Hi John and Jackie, I am in a relationship that is fulfilling and happy and my boyfriend and I are discussing enjoying a swinger lifestyle. I am extremely interested in this, however, I suffer from psoriasis (a skin condition that covers my body in dry scaly patches). I am terrified that I will be rejected by prospective ‘others’ and that this will also cause insecurity which I have suffered from in the past. How can I overcome this anxiety?
Initially I was hesitant to answer your question. Being neither a doctor nor a licensed therapist, I felt as though what you were asking was above my “pay grade.” I kept looking at your question from a medical standpoint. Then I remembered my breast augmentation and my own medical conditions (I suffer from athlete’s foot) and realized that all of us in some way or another suffer from a self described laundry list of personal “imperfections.” How we can take those things we don’t like about ourselves and amplify their existence?
For me it was my boobs and my feet. I had myself so convinced my small breasts were a hindrance and needed correcting. I focused so entirely on this one body feature that I forgot to see me as a whole. Do I regret going under the knife to change my body? No, as Maya Angelou says, “When you know better…you do better.”
Today, I can look back all those years ago and see a powerful lesson.
I’ve grown to see that my body was perfect just as it was. I only saw my “flaws” when I was comparing against an imaginary standard.
The first time I met an almost completely flat chested woman in one of our clubs, a woman who was rocking a teeny tiny club dress, unashamedly owning her tiny breasts was an “aha” moment for me.
You see, it wasn’t the size of my breasts that mattered. It was the size of my confidence and self acceptance. At the end of the day, it didn’t matter if I had big boobs or microscopic ones. It didn’t matter if I had athlete’s foot, was too skinny, or any other fill in the blank “fault.”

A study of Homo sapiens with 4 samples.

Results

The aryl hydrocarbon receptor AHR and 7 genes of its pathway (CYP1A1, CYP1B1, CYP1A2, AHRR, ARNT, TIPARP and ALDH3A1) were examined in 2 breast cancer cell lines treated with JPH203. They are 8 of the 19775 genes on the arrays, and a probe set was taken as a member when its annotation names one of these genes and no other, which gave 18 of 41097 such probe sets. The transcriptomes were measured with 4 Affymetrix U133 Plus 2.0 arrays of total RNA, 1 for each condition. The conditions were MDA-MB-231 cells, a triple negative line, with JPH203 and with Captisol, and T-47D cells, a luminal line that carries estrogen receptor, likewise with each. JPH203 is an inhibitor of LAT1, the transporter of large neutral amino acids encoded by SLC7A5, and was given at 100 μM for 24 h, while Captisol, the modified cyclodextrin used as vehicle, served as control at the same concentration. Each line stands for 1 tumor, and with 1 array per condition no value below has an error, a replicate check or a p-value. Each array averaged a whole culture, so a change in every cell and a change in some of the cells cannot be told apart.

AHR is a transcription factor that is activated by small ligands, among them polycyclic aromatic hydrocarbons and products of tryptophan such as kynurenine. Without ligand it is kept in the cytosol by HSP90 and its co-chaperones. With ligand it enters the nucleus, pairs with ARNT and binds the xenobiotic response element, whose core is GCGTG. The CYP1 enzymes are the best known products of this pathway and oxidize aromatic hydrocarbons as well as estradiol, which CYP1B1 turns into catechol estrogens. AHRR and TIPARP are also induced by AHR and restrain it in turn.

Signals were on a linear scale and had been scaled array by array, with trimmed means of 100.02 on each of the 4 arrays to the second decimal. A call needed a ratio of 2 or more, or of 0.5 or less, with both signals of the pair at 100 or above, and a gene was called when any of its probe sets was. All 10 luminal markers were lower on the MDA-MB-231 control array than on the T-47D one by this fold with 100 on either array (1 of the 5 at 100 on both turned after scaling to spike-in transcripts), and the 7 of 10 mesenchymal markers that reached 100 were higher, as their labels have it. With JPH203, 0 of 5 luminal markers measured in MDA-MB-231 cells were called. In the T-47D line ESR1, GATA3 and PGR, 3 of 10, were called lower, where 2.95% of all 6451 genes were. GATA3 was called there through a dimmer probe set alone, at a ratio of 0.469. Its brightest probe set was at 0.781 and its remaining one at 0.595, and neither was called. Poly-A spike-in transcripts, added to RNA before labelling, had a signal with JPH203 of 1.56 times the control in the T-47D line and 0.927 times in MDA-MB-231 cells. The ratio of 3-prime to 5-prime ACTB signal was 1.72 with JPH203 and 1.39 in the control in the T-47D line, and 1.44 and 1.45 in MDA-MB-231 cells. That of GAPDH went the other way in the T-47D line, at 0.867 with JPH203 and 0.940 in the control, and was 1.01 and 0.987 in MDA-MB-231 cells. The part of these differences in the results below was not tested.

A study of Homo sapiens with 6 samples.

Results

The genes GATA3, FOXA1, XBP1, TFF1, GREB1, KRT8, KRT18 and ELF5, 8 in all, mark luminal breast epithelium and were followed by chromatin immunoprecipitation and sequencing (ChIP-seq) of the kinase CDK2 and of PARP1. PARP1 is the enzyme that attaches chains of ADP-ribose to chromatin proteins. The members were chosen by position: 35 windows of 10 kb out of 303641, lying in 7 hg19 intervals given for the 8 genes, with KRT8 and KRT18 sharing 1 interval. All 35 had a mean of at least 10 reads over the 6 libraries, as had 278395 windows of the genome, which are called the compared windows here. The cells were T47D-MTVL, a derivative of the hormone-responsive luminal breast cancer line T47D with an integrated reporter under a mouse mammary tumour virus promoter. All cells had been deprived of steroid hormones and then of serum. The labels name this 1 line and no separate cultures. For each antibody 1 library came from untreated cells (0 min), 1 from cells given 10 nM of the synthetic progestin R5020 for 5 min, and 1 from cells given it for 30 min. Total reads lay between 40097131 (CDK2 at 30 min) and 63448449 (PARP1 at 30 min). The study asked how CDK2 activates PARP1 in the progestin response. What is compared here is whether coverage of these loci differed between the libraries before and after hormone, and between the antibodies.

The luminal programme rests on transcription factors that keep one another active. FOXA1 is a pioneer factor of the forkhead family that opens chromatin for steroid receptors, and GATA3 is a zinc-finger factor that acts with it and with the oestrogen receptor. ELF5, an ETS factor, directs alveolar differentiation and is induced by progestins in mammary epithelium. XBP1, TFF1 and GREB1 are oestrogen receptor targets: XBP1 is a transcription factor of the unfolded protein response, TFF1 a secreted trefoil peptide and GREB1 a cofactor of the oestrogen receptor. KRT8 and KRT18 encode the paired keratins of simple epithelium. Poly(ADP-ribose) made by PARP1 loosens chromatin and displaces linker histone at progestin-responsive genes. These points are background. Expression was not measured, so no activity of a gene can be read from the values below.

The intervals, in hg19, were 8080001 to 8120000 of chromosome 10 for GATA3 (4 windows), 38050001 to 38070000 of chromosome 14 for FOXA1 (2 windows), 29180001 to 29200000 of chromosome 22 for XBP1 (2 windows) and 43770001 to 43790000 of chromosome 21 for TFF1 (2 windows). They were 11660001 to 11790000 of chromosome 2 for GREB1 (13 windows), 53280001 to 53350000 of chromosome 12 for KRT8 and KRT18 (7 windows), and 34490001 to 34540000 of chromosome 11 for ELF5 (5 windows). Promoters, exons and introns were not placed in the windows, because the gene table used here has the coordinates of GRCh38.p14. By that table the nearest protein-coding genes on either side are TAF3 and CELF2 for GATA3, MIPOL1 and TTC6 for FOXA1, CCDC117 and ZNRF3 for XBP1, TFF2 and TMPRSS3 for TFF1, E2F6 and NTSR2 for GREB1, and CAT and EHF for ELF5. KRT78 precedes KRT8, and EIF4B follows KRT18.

What mattered was whether or not I loved and accepted me in all my flaws as well as all my glory. Because you see, I couldn’t cherry pick my self esteem. If I hated one thing about me, how was I ever going to love any other part? I had to own what I was offering the planet.
Besides, wasn’t I doing a disservice to those who wanted to love me for me? Those who would take my “imperfections” and lean into my strength?
I also realized that not everyone on the planet is the same. We are this amazing mix of diversity. A plethora of options and thoughts and beliefs and physical differences that others will gravitate towards. This diversity also means we are going to run up against those who will not be understanding of us nor will they be interested in looking past the physical. I learned long ago that I am not going to appeal to everyone…and that’s okay. The only person who needs to be 100% in my corner is me!
Does it hurt when others are critical or flat out cruel?
I get sandblasted almost daily on our YouTube channel.
In the beginning, I could get pretty upset and down on myself. We all want to feel included because we are creatures of community after all. Being singled out and ridiculed can feel very isolating. While it could be easy for me to focus on all the haters, to nestle into all the negative, I also knew how important it was to stay focused on the good.
My differences are what make others feel included.